As a comment on my post about painting fabric reminded me, lots of the tools used in art quilts have been around for a while. In fact, art quilts have been around for decades, and much excellent work done more than ten years ago seems to get overlooked now.
I was reintroduced to some older work in a book called Quilting Masterclass by Katharine Guerrier, published in 2000. A longtime fellow guild member gave this to me, with the notion that I was one of the few quilters she knew who might appreciate it.
Here are the pieces that appealed to me especially.
All those randomly cut circles are fused, then quilted. Sound familiar?
The nest is collaged with all sorts of fibers. The rock fabrics were folded and pressed to suggest fissures.
Ruth makes full sized templates and stitches the seams together. I believe she uses only commercial fabric.
The artist made a collage from a picture of her mother’s wedding dress and photo transferred the collage onto tea dyed silk georgette. The pleats, folds, and embroidery enhance the fragile quality. Again, photo transfer techniques are still being used, though usually with more photo editing, thanks to wider availability of photo editing software home versions.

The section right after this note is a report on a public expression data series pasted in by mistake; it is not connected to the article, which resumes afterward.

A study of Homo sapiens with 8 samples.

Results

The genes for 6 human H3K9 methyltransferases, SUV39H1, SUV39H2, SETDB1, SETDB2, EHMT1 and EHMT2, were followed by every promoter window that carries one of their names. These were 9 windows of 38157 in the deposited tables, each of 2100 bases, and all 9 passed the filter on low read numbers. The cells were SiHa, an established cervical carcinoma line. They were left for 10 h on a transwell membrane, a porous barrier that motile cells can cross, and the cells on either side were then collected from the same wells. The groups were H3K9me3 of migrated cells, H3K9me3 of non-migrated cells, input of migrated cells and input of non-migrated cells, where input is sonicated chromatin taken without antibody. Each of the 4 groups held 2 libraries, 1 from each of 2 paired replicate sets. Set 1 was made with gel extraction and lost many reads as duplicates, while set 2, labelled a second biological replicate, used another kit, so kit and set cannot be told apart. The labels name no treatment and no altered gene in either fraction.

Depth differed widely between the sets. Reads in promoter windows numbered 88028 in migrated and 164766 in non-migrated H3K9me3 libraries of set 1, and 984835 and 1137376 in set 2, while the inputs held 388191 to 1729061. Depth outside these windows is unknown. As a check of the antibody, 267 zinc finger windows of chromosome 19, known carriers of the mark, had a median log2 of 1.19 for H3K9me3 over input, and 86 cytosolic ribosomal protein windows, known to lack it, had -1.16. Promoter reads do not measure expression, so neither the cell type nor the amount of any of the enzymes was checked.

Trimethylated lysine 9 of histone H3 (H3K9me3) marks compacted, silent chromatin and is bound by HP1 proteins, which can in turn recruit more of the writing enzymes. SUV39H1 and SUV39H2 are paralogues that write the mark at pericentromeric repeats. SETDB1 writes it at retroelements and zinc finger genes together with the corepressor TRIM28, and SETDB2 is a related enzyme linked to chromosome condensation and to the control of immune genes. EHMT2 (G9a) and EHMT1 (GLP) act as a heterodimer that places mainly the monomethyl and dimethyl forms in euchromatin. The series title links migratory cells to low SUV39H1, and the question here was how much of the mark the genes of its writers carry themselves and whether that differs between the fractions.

This textile landscape painting uses a frame on three sides to define and extend the landscape into the distance.
I’m including this (poorly photographed by me) piece because its wedge piecing approach is used by some modern quilters, such as Sherri Lynn Wood. A work by her is below. Created fabric, check; random curved strips, check; irregular edges, check.
I know many of the artists featured in Guerrier’s book still create. When I looked them up I found some continue to work in the same style while others have developed different approaches. And some, like Maurine Noble, are no longer with us.
Joan Colvin’s work continues to focus on nature. I can’t find any reliable information about Pam Winsen, who may now be a painter. Jane Lloyd has a piece in the 2015 Quilt National show. Carol Schepps still does circles, but works in many other series as well. And Ruth McDowell continues to use and teach her piecing technique, and use only commercial fabrics.
So, if you’re stuck for inspiration do yourself a favor and look to the past for some new ideas and approaches.